Ключевые слова:linux, solaris, install, jumpstart, nfs, dhcp, boot, pxe, (найти похожие документы)
From: Alex Charrett
Date: Wed, 12 Apr 2006 18:21:07 +0000 (UTC)
Subject: Подговтовка Linux сервера для автоматической установки Solaris (eng)
A guide to setting up a jumpstart server on a linux machine. This
enables you to jumpstart solaris onto a machine without an existing
Thanks to both Jon Still and Tim Gibbons for helping me improve this
Any feedback is welcome, problems hints or a simple "that works,
hurrah" are helpful. Drop me a line at alex at transposed dot org.
Update: I hear this is only likley to work with Solaris 8 or newer.
Something to do with the ip fragementation in the inetboot kernels for
7 and earlier being broken. Possibly.
What you will need....
* A Linux system
* A set of Solaris install media for the system you want to install
* pdksh (if you want to install both CDs)
* A Kernel with NFSv3 support
All of these bar the Solaris media came with my linux distribution, so
they shouldn't be too hard to come by.
Copying the install media to the server
I have heard that you can jumpstart direct by exporting the cd's, but
this is faster for the installs.
Pick a location to put the cd images, /home/jumpstart in my case. Then
create it and an install and config subdirectory. The config dir is
only necessary if you intend to want to do non-interactive jumpstarts.
mkdir -p /home/jumpstart/install
Mount Solaris cd 1 (or the solaris cd if you are using earlier
releases), and use the setup_install_server script. In order for it to
work, you will need to create a symlink from /bin/bar to /bin/tar as
the script uses some random tar implementation (called bar) to do the
copy. GNU tar seems to work fine as a replacement. Then run the
ln -s /bin/tar /bin/bar
Replace the cd with cd 2 (if you don't have a cd 2, dont worry about
it). Even in Solaris 8 you can get away with just using cd1 if youre
not going for one of the bigger installs. The add_to_install_server is
written in ksh, so this is what you need pdksh for. Its odd that these
scripts are completley different, and it seems this one uses cpio to
copy the data. Weird eh? Anyway, most of it works ok apart from the
disk space checking thing, so set and export $NOSPACECHK before you
run it. I'm sure you can cope with checking how much space you have
NOSPACECHK="yes"; export NOSPACECHK
Set up the NFS server
If you've not already done so, install rarpd, bootparamd and tftpd.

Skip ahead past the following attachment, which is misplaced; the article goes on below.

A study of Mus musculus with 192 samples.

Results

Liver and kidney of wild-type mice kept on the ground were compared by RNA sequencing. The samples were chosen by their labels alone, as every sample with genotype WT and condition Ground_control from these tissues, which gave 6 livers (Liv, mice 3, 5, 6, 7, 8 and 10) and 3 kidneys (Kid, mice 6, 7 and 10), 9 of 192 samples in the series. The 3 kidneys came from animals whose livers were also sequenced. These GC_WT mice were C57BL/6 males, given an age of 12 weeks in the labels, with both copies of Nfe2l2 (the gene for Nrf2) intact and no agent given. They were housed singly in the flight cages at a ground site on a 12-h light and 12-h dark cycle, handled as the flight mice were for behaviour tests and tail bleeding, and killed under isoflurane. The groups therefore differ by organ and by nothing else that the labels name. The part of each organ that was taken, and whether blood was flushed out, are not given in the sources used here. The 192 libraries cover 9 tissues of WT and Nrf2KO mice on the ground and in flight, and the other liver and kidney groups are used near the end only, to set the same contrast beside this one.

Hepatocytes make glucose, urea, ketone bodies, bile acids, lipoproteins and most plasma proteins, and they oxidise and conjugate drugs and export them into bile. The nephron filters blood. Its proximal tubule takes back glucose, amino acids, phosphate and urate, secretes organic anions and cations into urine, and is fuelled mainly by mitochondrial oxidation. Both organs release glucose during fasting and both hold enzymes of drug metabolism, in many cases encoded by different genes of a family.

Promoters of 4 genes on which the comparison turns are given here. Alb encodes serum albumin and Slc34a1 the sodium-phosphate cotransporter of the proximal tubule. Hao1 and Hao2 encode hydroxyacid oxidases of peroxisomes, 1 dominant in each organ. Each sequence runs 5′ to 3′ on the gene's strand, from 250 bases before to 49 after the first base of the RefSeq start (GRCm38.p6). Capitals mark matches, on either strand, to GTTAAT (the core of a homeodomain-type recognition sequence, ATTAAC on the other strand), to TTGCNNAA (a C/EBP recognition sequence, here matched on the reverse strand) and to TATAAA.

I'm assuming you're using the kernel nfsd here.
Set up the NFS export. Put the follwing in /etc/exports, but use
appropriate values for your site. The config export is optional,
depending on wether you want to use non-interactive jumpstart or not.
Set up the server for the client
This is where it gets a little fiddly, for each install client you
need an entry in /etc/hosts, /etc/ethers and /etc/bootparams and a
symlink to the appropriate kernel in /tftpboot
This one is easy, you need the hostname and its IP address. Put it in
/etc/hosts in the following format:
Also, ensure that your server's hostname is *not* listed against
127.0.0.1. If it is, remove it from that line and give it its own
line, so your hosts file looks like this (where gilbert is your
127.0.0.1 localhost.localdomain localhost
This is so that rarpd can respond to the client's request for an IP
address. It does this by resolving it's MAC address to a hostname, and
uses /etc/hosts to turn that in to an IP. In /etc/ethers:
This is the config so the client knows where to access the install
image and configurations. In /etc/bootparams, where gilbert is my
helios root=gilbert:/home/jumpstart/install/Solaris_8/Tools/Boot \
This is the really fiddly bit. Either you calculate the client's IP
address in hex format, or you use tcpdump to determine what it's
This is becase the client will request an inetboot file from the tftp
server. It will be named in the format HEXIPADDR.ARCH (apparantly some
machines do not request the .ARCH part of the filename). In my case,
it is C0A80104.SUN4M. So if, like me you don't fancy calculating this
name, start the bootparamd and the rarpd (you may need to start the
rarpd with -e as some versions will not respond to rarp queries if
there is not a corresponding image in /tftpboot to serve.
According to Jon,
perl -e 'printf "%02x"x4 ."\n",192,168,1,4;'|tr a-z A-Z
will give you the hex address (where the IP is 192.168.1.4).
Similarly, you can do it in shell like this:
printf %02x 192 168 1 4|tr [:lower:] [:upper:]
Once your services are started, get tcpdump on the go (this is best
done on a quiet or switched network, and boot net - install your
client. tcpdump should produce a line like this:
08:59:24.640821 helios.40337 > gilbert.beau.net.tftp: 23 RRQ "C0A80104.SUN4M"
Alternativley, running bootparamd with -d and -s flags should write
the filename being requested to the syslog
Once you have this filename, you can copy the appropriate inetboot
image from your /home/jumpstart/install hierachy. The example below is
appropriate for a sun4m architecture machine, modify it for other
ln -s inetboot.sun4m C0A80104.SUN4M
Aside: I've been told that some newer Suns (such as the Sun Blade 100)
have specific inetboot kernels. The Sun Blade 100 one is at
Enable your tftpd and you should be ready to go!
Jumpstart the client
Stop-A the client and get it to the openboot prompt. From there type
boot net - install and off it should go!
IMPORTANT. One problem I have had with this is that when it boots,
after it configured the network interface (a message like "Configured
interface le0" is displayed), the client just sits there. Sending the
client a ping should wake it up and it will continue fine. Weird eh?